There’s a lot to like about The Wolfman. The performances are pretty solid, even in spite of some very strange ‘English’ accents. The Make-up work by Rick Baker is astonishing, blending seamlessly with the computer generated transition sequences, while also demonstrating why the new technology will never be able to replace practical effects. There are also some wonderful scenes that recall the very best of ‘old-school’ horror, without becoming camp or seeming out of place.

Unfortunately all of this great work is undermined by a severe pacing issue.

The film tries desperately to be a traditional horror, complete with elaborate sets, startling audio cues and some truly unsettling moments, but it simply doesn’t succeed. Each and every scene feels too short for the genre. The film races along, removing any chance of building a rapport with its anti-hero, while also rapidly puncturing any sense of tension or foreboding that it manages to create.

The best horror films build slowly, giving the characters time to grow, and the audience time to become sympathetic towards them. The Wolfman doesn’t. In this respect, it feels much more like an action movie than a horror. Indeed, the film’s final set-piece abandons any remaining notion of it not being an action pic, in favour of pure stupidity and cliché.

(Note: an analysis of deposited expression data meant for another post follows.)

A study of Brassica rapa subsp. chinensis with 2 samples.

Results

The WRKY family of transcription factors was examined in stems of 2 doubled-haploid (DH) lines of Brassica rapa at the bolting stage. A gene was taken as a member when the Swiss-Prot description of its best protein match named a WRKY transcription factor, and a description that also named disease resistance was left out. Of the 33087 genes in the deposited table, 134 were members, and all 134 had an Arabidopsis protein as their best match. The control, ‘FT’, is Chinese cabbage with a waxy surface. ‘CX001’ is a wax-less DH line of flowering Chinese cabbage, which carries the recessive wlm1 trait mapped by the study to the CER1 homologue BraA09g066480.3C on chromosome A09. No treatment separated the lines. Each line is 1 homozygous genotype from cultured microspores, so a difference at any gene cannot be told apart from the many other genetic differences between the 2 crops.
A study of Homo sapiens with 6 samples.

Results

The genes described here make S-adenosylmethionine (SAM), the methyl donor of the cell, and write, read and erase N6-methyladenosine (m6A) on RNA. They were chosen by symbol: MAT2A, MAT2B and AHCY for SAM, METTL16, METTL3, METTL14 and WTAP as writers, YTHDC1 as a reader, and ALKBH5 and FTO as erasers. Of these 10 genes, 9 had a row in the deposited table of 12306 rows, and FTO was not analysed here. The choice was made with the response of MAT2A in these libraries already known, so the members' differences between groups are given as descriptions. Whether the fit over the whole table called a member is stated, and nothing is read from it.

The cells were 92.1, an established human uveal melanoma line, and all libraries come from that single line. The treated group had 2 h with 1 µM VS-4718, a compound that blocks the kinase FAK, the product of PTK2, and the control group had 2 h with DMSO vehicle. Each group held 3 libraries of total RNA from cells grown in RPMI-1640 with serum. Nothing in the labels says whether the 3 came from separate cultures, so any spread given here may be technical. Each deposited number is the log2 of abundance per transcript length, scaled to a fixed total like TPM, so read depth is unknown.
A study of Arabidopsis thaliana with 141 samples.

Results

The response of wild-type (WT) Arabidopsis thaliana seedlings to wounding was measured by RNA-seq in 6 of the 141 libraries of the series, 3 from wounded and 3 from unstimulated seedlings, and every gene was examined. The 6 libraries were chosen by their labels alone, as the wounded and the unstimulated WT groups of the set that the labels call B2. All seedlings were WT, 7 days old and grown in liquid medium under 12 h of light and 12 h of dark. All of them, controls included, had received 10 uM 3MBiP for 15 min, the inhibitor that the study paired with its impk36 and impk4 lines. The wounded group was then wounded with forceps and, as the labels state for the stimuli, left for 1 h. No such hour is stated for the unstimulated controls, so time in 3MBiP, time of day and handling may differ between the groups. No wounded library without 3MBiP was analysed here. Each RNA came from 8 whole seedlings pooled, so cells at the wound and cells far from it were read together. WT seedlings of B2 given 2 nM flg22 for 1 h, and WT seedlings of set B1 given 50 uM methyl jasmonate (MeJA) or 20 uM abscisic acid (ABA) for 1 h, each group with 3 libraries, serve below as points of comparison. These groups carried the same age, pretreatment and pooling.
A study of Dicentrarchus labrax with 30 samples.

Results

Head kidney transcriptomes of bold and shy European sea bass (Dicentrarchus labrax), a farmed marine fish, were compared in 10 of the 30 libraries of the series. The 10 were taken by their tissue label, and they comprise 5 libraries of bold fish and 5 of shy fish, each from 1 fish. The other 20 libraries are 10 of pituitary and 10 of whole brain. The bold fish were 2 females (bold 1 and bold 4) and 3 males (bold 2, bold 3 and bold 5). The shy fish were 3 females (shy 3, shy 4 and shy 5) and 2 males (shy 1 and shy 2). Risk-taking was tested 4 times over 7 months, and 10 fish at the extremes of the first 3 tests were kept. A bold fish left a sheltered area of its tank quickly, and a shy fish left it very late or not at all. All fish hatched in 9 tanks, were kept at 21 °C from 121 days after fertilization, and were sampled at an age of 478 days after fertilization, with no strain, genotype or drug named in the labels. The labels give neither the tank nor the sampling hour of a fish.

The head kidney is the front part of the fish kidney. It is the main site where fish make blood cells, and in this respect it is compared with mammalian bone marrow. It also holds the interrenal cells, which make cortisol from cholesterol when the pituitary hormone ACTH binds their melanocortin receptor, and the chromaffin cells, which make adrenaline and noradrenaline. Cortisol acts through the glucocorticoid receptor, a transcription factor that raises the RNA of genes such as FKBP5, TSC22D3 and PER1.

In many ways The Wolfman is reminiscent of Ang Lee’s Hulk. As well as sharing some elements of that movie’s story, it also has the misfortune of having a collection of rather unsympathetic principal players. In contrast to Lee’s film however, which at least attempted to have us rooting for its monster, Wolfman sets up Del Torro’s alter ego as a savage beast, with no sense of remorse or control. There are hints that the character could have more depth, but there is simply no way of redeeming him within the ninety-eight minute running time.

Despite all of these flaws, The Wolfman is still a fun and enjoyable film, and well worth a watch. It’s a pretty safe bet, however, that the extended cut will be far superior.